In a generation of astounding technological and communication advancements, an abundance of global issues go mostly unnoticed.

Moved by the Human Experience reading of Elie Wiesel’s “Night,” Professor of Environmental Studies Noëlle Boucquey and Professor of Human Development Paige Dickinson wanted to share an idea for an activity with the other Human Experience faculty that would give these issues some attention.

This activity split Human Experience classes into groups to research various events around the world which have led to mass genocide. The groups then connected these occurrences to events and themes in “Night.”

“We exist in our own bubbles, even online . . . Often times, we fail to see the depth of other people’s experiences even within our own country, let alone around the world,” Boucquey said.

First-year Savannah Core focused on the Rohingya people in Myanmar, displacement and unrest in the Congo, Uyghur re-education camps in China and starvation in Yemen. It’s not surprising that nearly the entire class had not heard of any of these events, but this should not be the norm.

“I don’t have a very steady news source, as a college student,” Core said. “Even though we still get very hot important topics in college...I don’t think we’re surrounded by enough reliable news sources without having to seek them out with significant effort.”

It’s also difficult for people to educate themselves on these topics because they go to the same news sources. If they don’t read from sources that report on global events or humanitarian news, readers won’t be aware of it.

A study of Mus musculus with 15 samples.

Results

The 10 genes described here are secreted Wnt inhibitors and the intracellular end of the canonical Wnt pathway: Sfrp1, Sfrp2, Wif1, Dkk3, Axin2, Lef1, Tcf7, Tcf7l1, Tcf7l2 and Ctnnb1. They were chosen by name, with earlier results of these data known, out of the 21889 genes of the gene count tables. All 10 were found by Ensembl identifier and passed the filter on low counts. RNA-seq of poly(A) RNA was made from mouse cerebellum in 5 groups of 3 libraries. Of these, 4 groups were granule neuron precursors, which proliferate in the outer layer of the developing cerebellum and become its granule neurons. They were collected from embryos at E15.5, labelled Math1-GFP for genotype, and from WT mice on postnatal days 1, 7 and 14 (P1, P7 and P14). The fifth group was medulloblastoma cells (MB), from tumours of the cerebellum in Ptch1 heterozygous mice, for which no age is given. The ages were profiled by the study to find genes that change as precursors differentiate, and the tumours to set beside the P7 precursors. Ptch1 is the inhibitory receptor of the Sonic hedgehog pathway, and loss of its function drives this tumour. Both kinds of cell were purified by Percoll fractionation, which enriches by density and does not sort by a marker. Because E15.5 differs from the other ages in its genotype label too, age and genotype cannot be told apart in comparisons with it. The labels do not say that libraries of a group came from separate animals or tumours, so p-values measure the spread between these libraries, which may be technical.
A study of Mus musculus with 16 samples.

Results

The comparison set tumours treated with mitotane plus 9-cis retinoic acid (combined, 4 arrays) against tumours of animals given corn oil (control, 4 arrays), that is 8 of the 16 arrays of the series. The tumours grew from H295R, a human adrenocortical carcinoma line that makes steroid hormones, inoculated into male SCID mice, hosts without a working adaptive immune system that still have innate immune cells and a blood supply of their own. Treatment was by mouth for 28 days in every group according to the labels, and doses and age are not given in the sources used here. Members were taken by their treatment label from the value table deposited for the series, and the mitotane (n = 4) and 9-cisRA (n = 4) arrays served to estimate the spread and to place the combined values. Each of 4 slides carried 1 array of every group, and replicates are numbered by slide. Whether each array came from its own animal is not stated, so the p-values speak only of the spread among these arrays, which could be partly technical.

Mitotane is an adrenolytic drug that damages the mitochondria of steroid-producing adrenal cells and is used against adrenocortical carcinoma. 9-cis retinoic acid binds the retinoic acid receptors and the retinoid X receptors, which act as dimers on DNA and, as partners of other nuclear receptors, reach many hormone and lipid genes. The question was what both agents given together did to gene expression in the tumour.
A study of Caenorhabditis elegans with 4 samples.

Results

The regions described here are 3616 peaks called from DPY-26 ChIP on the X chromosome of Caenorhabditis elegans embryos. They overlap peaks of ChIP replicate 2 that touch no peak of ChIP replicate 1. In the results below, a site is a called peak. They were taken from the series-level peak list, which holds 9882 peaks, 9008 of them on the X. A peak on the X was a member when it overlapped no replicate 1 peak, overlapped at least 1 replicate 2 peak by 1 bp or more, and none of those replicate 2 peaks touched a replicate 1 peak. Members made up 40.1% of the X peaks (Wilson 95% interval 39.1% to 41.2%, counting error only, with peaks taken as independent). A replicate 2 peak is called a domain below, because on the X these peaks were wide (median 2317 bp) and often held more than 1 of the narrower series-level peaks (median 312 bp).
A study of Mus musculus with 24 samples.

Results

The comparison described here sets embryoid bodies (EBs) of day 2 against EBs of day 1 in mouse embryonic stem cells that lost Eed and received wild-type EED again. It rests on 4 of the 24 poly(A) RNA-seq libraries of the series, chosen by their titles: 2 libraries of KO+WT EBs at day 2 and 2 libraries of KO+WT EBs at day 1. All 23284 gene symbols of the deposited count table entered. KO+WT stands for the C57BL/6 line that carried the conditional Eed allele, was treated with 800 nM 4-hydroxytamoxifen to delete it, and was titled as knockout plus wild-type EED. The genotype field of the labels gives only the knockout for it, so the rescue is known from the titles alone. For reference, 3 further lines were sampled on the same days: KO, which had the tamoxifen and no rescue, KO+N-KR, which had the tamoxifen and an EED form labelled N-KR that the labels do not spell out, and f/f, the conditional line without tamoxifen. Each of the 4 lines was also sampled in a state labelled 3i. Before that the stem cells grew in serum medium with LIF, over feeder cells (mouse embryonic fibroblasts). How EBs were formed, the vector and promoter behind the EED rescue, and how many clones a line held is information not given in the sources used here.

“Because we are bombarded with bad news on a daily basis, we can become desensitized,” Boucquey said. “Reading books like ‘Night,’ from someone’s personal perspective, can help us to have more empathy for people today, as well as in the past.”

Learning about these issues can be as simple as following sources that report on global events, like the National Public Radio (NPR). One could also look into non-profit organizations that work toward helping people in those specific areas.

Even for those that are aware of what goes on around the world, it can sometimes be difficult for people to willingly read such upsetting news.

“I think that sometimes we have to face things that upset us,” Boucquey said. “I understand that it can feel like we don’t have a lot of power to do something about it. And that feeling can be frustrating.”

While it is unsettling, it’s our duty as global citizens to pay attention and educate others on these issues to ensure that atrocities are not allowed to occur and then fade into the shadows of history.

Wiesel wrote an incredibly moving note in his novel, which inspired Boucquey and Dickinson’s activity:

“When we speak of this era of evil and darkness, so close and yet so distant, ‘responsibility’ is the key word. The witness has forced himself to testify. For the youth of today, for the children who will be born tomorrow. He does not want his past to become their future.”